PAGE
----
Because I married a photographer, once we had children, our holiday cards of course became vehicles for their cuteness and his creativity. In 2000, baby number one’s chubby smiling face in a Santa hat was the cover image. In 2004, our now-four faces were ornaments on a tree. By 2006, we donned stocking caps and lay down in bed together with a thought bubble over our sleeping heads filled with cherries and the headline “While Visions of Sugar Plums Danced in Their Heads.” Our best card was our last, in 2010. We dressed in extravagant holiday finery, gowns, jackets and bow-ties, except that my husband couldn’t find any tuxedo pants, so he wore the cummerbund over tartan boxers. We arranged ourselves tableau-style before a bookcase, holding what we hoped looked like hymnals and making Os of our mouths singing. We titled it: “Don We Now Our Gay Apparel.”
That was two years ago. We mailed it out in envelopes, signed, sealed and delivered by the U.S. Postal Service and its analogues in distant lands. Good cheer and laughs in mailboxes all around! It’s been downhill ever since. By last year, we’d let our mailing list go to seed. We communicated with most of our friends online and no longer had street addresses for them. So on December 23rd or thereabouts, I sent out a paltry five or six store-bought cards with a photo tucked inside and called it a day.
I didn’t know it then but my world, my social world, was changing. Today, my 1,500 Facebook friends — 1,300 of whom I have never actually met—have already seen the best of the year’s haul of pictures of my kids. They also know where I’ve gone on vacation and sometimes, what I cooked for dinner or what I thought of a movie on a Saturday night in May. There’s little point to writing a Christmas update now, with boasts about grades and athletic prowess, hospitalizations and holidays, and the dog’s mishaps, when we have already posted these events and so much more of our minutiae all year long. The urge to share has already been well sated.
Likewise, as recipients, we already have real-time windows into the lives of people thousands of miles away. We already know exactly how they’ve fared in the past year, much more than could possibly be conveyed by any single Christmas card. If a child or grandchild has been born to a former colleague or high school chum living across the continent, not only did I see it within hours on Shutterfly or Instagram or Facebook, I might have seen him or her take his or her first steps on YouTube. If a job was gotten or lost, a marriage made or ended, we have already witnessed the woe and joy of it on Facebook, email and Twitter.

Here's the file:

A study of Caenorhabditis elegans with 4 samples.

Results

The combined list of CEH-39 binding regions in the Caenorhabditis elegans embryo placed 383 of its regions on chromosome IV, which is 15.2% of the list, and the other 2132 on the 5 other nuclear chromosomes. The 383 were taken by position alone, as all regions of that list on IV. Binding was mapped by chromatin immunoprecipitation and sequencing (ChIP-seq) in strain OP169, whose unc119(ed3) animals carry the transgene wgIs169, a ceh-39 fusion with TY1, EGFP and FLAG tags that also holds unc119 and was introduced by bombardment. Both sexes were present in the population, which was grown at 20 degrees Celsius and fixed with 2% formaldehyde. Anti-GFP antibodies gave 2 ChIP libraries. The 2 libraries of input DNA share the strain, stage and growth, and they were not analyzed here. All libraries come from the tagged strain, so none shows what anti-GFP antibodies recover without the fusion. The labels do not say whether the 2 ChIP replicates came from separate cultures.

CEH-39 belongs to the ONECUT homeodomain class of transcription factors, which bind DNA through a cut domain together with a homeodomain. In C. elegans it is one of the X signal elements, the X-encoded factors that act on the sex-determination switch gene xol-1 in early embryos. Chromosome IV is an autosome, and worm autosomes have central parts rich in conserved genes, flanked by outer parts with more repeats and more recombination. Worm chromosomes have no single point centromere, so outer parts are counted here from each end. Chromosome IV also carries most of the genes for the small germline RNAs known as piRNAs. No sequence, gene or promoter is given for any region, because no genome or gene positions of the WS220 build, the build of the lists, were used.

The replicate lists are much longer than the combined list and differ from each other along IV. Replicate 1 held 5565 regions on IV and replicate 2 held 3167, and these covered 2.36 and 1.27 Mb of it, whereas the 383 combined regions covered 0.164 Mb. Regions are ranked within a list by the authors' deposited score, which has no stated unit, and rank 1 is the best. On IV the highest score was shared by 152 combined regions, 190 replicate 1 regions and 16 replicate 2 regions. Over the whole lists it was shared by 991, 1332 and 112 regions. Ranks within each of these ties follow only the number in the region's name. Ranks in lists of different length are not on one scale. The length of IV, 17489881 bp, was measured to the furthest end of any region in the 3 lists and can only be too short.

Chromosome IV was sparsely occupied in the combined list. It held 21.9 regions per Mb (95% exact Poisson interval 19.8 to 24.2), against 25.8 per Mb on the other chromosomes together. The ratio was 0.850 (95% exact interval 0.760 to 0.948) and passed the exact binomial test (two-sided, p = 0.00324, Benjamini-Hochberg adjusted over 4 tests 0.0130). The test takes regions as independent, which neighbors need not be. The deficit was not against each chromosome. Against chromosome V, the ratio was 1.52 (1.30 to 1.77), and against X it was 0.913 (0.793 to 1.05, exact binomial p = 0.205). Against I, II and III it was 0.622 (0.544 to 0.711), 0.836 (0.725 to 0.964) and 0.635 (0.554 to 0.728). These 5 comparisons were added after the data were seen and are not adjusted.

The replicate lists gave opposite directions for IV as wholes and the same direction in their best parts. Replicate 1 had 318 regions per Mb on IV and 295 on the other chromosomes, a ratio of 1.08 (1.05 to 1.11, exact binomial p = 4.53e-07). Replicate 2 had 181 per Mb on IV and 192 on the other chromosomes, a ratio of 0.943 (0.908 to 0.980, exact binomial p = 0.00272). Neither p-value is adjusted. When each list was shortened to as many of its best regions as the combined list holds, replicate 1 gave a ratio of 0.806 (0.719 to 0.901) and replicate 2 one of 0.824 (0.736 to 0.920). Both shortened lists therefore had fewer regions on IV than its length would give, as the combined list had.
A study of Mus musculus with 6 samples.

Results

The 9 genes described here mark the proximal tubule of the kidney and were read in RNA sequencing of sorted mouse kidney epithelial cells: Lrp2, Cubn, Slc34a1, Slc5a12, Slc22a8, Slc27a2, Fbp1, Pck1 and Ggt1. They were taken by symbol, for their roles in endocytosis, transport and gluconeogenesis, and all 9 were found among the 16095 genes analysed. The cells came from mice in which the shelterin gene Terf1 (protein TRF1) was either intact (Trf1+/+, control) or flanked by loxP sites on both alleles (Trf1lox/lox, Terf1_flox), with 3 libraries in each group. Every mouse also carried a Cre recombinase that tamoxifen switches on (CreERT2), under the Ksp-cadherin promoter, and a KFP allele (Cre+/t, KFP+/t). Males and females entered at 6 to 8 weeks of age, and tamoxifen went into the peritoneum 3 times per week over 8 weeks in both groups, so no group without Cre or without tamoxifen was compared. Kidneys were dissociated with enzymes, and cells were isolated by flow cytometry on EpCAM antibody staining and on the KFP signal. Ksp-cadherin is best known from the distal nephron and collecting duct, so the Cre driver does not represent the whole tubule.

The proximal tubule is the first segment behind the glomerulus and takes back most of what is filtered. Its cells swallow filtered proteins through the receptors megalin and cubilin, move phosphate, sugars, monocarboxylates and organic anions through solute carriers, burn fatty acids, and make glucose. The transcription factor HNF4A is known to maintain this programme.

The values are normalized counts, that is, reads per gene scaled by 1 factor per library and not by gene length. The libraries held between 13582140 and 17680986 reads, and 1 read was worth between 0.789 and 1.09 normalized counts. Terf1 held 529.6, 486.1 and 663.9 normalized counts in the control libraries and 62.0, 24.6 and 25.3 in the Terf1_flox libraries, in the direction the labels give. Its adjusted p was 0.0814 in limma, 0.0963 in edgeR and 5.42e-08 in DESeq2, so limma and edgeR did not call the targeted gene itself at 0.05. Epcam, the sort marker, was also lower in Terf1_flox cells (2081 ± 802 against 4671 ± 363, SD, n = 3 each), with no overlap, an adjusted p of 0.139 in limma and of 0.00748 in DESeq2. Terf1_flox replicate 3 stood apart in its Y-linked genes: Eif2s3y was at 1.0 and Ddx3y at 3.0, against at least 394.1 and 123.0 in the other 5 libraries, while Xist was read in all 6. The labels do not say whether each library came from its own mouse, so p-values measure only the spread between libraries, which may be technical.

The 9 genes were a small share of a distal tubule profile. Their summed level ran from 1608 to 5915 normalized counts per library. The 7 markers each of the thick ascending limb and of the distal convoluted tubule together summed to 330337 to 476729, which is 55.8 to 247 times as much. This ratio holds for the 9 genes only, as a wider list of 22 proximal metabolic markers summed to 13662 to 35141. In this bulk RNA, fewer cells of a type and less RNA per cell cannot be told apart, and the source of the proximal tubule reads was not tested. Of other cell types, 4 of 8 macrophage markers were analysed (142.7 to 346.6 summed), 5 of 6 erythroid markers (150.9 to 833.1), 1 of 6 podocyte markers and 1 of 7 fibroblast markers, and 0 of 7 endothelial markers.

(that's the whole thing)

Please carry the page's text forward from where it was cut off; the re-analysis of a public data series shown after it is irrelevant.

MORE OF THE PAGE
Still, the demise of the Christmas photo card saddens me. It portends the end of the U.S. Postal Service. It signals the day is near when writing on paper is non-existent. Finally, it is part of a decline of a certain quality of communication, one that involved delay and anticipation, forethought and reflection. Opening these cards, the satisfaction wasn’t just in the Peace on Earth greeting, but in the recognition that a distant friend or relative you hadn’t heard from in a year was still thinking about you, and maybe sharing news about major events of the past 12 months.
We know each other so well now, perhaps too well. And yet, all the time logged into our computers has also taken us away from our nearest and dearest. Who can say they spent as much time looking into the eyes of family, friends and neighbors as into the colorful phone or laptop screen last year? This season, in lieu of sending cards, my winter holiday greeting at the end of 2012 will be this: after posting the obligatory seasonal wishes online on Christmas Eve, I will be clicking off the electronic messaging services, and trying to connect in person with my friends, neighbors and family members for a change.
And wishing them each peace and joy in the year to come, of course.